Editorial Feature

How Do 3D Displays Work?

The latest blockbuster films from Hollywood all seem to be shown in the cinemas in 3D, and many electronics manufacturers have brought 3D-capable televisions, cameras, and phones onto the consumer market.

But how does 3D work? How can we look at a flat image and see a moving solid object?

There are a few different methods to accomplish this, but they all revolve around the same principle - providing each eye with a separate image. This technique is known as stereoscopy.

Our brains interpret the slightly different images from each eye to create the 3D depth we see. By controlling how these images differ, we can create the illusion of depth in a flat image.

How Does 3D TV Work?

Figure 1. Samsung explain how their active 3D televisions work.

Anaglyph 3D

Anaglyph 3D is the oldest method of creating 3D images and film. The two images are in two different colours, and the viewer uses glasses with different colour filters on each eye.

This method is very easy to achieve, and requires no special equipment to display. There is one major drawback, however - viewers without the correct coloured glasses will see a strange, distorted image.

Polarized 3D

Polarization is the 3D method used currently in cinemas and other large-format displays. the image is displayed using two synced projectors, showing the left and right images. The two images are polarized - either with clockwise and anti-clockwise circular polarization, or with perpendicular linear polarization.

The glasses worn by the viewer have matching polarizations in the lens, so that each eye receives the correct image.

This system is very effective for users wearing glasses. Viewing without glasses still results in distortion, as both images are visible - however, the colour distortion from anaglyph 3D is not present.

Polarization 3D is not easily transferable to other types of display, like LCD screens, as they already feature polarizing filters.

Active Shutter 3D

This method is used in many commercial 3D televisions and projectors. Left and right images are displayed in alternate videos frames. Glasses containing active shutters then simply block each eye alternately, synchronized with the display via an infrared signal.

The frame rate for the video obviously needs to be twice as fast as normal. When combined with the need for active glasses, this makes the overall cost of active 3D systems quite high.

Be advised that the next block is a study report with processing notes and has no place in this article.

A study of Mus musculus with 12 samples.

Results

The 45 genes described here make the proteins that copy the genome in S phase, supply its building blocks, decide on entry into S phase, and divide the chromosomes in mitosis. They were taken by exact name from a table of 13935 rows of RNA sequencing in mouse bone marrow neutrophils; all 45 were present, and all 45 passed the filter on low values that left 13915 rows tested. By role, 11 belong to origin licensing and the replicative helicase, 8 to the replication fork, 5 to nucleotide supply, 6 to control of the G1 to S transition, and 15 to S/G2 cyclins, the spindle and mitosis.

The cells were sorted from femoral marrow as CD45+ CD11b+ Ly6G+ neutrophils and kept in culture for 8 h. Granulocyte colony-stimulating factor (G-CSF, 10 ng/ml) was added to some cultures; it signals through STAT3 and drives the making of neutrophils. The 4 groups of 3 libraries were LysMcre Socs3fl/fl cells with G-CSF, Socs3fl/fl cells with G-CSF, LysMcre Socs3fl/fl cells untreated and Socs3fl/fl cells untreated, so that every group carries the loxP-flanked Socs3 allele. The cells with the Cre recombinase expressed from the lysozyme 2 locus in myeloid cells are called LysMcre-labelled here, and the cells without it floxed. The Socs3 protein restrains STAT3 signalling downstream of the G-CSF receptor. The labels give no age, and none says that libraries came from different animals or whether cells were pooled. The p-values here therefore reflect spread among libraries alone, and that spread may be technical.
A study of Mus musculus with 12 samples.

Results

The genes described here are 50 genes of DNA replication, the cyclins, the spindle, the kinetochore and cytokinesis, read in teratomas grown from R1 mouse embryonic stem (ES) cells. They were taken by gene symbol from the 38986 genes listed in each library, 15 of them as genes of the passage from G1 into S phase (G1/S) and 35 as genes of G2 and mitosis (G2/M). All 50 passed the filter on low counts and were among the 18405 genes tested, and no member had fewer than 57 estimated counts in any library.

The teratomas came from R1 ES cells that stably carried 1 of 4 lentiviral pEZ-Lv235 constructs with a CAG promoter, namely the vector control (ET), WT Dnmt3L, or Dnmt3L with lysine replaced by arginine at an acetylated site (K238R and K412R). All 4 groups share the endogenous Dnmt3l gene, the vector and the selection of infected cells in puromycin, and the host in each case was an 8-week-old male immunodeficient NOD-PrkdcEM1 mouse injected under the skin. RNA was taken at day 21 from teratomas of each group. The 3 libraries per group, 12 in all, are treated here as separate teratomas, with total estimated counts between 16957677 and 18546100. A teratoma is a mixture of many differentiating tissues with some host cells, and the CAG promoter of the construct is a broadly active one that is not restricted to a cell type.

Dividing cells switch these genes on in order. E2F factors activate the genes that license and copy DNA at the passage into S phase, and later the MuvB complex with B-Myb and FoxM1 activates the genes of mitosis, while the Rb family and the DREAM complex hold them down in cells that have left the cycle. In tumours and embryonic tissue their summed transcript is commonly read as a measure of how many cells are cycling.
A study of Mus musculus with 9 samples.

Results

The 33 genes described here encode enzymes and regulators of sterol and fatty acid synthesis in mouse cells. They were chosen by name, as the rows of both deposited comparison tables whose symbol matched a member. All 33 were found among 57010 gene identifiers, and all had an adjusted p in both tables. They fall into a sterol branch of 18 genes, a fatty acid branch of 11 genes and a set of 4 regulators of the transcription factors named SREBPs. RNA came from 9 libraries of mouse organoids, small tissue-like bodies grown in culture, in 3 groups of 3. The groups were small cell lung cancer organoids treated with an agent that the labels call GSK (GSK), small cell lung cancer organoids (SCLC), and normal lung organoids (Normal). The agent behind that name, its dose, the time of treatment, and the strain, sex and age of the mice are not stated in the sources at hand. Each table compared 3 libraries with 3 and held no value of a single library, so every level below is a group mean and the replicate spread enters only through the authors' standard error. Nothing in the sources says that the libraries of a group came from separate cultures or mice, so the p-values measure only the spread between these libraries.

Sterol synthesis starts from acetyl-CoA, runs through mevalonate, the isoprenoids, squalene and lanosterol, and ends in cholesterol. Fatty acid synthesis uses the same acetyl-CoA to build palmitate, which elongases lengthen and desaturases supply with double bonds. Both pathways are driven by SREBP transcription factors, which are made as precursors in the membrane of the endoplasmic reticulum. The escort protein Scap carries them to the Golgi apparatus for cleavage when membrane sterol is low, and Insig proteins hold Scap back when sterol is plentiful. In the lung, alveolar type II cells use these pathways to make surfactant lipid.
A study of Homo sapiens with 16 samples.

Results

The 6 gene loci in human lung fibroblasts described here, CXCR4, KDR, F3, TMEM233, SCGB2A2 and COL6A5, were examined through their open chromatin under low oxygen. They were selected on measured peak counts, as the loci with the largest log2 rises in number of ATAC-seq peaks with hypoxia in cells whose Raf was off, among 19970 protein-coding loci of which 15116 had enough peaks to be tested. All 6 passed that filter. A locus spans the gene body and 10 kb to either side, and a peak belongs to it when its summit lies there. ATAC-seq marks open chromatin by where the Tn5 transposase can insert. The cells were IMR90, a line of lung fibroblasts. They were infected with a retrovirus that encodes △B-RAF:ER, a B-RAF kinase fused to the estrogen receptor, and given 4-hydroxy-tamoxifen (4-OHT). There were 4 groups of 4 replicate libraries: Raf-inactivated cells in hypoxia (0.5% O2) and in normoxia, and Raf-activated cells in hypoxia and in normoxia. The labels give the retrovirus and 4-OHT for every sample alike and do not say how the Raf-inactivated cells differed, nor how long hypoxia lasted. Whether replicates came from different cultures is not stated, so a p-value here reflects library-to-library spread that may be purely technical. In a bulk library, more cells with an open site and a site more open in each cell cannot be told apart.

However, because of the high frame rate, viewers without 3D glasses can still watch without distortion - the human eye is not fast enough to detect the difference between the frames when they are changing that quickly. This is a major advantage of active shutter 3D for home use, where the number of 3D glasses may be limited.

3D Volumetric Display

Figure 2. A "true 3D" volumetric display.

Autostereoscopic and Volumetric 3D

There have also been advances in displaying 3D images and content without the need for glasses. This is known as autostereoscopic 3D, and thus far it has quite limited applications. The 3D images will only display properly when the display is set for a particular viewing position.

Devices like the Nintendo 3DS, a portable gaming system, can count on just having one user at a time, in a relatively consistent position relative to the screen. For larger displays such as televisions, however, where multiple viewers are likely, this technology is not currently workable.

Prototype devices have also been developed which are capable of projecting an actual 3D image - these are called volumetric displays. The most common techniques use projection onto a spinning mirror to achieve this. The technology is difficult to scale, however, and is currently at the demonstration stage at best.


Recently, there has been much discussion about whether 3D at the movies and in TVs will become more and more commonplace, or whether it is a short-term fad, which will go out of fashion once the novelty wears off.

Irrespective of its consumer appeal, 3D technology has important applications in more technical fields. 3D displays are very useful in CAD systems, and will become more so as 3D printing becomes more and more affordable and ubiquitous.

3D imaging is also an important part of many quality control and quality assurance processes in manufacturing. 3D displays are useful for visualizing the 3D structures of molecules, and structures in microscopic biological systems or novel materials.

Although it may not be the home-cinema hit that many manufacturers are hoping for, 3D technology will always be useful, and advances in volumetric and holographic displays will only increase the number of possible applications.

References and Further Reading

  • "3-D Filmmakers: Conversations with Creators of Stereoscopic Motion Pictures" - Ray Zone.
  • "Stereoscopic Cinema and the Origins of 3-D Film, 1838-1952" - Ray Zone
  • "How Does 3D Work?" NASA STEREO Learning Center
  • "Active 3D vs. Passive 3D" - PC World
Will Soutter

Written by

Will Soutter

Will has a B.Sc. in Chemistry from the University of Durham, and a M.Sc. in Green Chemistry from the University of York. Naturally, Will is our resident Chemistry expert but, a love of science and the internet makes Will the all-rounder of the team. In his spare time Will likes to play the drums, cook and brew cider.